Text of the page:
North Somerset Council may make 300 job cuts in savings plan

Weston loos The budget cuts also include taking away funding to run 28 public toilets across North Somerset

Up to 300 jobs could go as North Somerset Council faces a budget cut of £9.7m in the next financial year.

The cuts will affect both social services and public amenities such as cutting all funding for public toilets.

The Conservative-run council also proposed a 1.5% rise in council tax with Labour and Liberal Democrats calling for a 2% hike.

Cabinet member Tony Lake, said: "It's very frustrating, no-one comes into local government to cut services."

'Fairer system'

Mr Lake has also called on the government to review "ludicrous" funding formulae used by central government to determine local authority grants.

"Have a look at this ludicrously outdated formula and have a look at councils which produce services at a low cost and compare that with councils that produce services at a high cost," he said.

Proposed budget savings include:

  • Closing youth service provision including youth clubs to save £286,000
  • Re-structuring the Vulnerable Learners' Service to save £102,000
  • Proposal to cut Adult Social Services and Housing funding
  • Closing 28 public toilets to save £400,000
  • Corporate Services to save £1.8m, including making job cuts
  • Street cleaning budget to be cut by £280,000
  • Accommodation costs to be £665,000 lower, through reducing the 18 council offices to two main hubs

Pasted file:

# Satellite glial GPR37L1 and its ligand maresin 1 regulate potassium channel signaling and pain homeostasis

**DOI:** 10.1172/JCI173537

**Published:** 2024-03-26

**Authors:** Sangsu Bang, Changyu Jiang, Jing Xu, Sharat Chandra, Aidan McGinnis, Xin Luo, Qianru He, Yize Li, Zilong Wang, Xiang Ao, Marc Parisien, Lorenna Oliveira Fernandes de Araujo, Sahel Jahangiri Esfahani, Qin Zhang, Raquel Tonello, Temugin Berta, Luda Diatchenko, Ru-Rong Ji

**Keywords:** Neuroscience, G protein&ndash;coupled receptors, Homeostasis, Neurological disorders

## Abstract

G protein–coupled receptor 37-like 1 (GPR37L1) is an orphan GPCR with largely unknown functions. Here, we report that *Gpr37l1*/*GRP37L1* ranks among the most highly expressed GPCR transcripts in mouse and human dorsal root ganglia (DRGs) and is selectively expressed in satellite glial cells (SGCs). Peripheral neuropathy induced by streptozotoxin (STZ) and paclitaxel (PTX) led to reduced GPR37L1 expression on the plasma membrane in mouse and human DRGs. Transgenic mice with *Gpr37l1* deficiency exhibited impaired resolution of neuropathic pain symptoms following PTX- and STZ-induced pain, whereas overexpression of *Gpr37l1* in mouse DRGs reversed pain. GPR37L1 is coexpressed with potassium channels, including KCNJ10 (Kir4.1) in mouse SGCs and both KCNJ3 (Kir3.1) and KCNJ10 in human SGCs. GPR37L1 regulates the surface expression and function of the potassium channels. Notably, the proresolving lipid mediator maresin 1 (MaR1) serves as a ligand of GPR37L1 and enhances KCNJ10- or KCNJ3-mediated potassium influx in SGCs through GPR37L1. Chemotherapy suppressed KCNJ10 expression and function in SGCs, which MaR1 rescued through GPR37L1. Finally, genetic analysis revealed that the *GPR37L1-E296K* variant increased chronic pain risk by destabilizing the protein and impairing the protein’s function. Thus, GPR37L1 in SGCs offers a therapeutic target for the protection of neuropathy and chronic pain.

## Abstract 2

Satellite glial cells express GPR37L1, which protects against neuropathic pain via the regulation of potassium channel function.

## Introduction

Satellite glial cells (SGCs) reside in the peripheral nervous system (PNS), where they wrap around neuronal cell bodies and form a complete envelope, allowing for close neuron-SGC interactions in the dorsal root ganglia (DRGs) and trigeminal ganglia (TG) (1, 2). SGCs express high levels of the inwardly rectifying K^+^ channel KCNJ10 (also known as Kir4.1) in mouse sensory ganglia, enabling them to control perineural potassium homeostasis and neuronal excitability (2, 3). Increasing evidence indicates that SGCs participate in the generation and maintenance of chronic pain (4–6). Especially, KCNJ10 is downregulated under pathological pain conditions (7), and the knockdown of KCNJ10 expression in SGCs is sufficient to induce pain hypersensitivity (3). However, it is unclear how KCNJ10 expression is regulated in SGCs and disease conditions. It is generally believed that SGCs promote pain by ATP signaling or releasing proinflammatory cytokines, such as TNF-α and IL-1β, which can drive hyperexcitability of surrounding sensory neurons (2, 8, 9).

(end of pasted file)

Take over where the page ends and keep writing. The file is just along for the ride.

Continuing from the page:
"And then ask why is there is a difference and force the councils that spend too much to actually reduce their expenditure and have a much fairer system of funding."

He also added that if North Somerset's funding was in line with other unitary authorities, the council would be about £22m better off.

The council has also predicted it will need to identify savings of £91m from 2013-18 if government funding continues to fall.

Leader of the Labour group Richard Tucker, said: "The basic fact is that the government has cut North Somerset funding by 24% since 2010.

"The council's finance manager confirmed that the revenue support grant has gone down from £54m a year under Labour to just £40m under the coalition government.

"There are cuts in frontline services across the board and nearly 300 jobs being axed over the council's term of four years - everything from social services budgets, to youth workers, highways inspectors to supported bus services, and weed-spraying frequencies."

The job cuts would be made over a seven-year period, between 2013-20.

The council is also facing legal challenges over its plans to close youth centres which were approved last February.

A meeting will be held on 19 February when the budget will be set.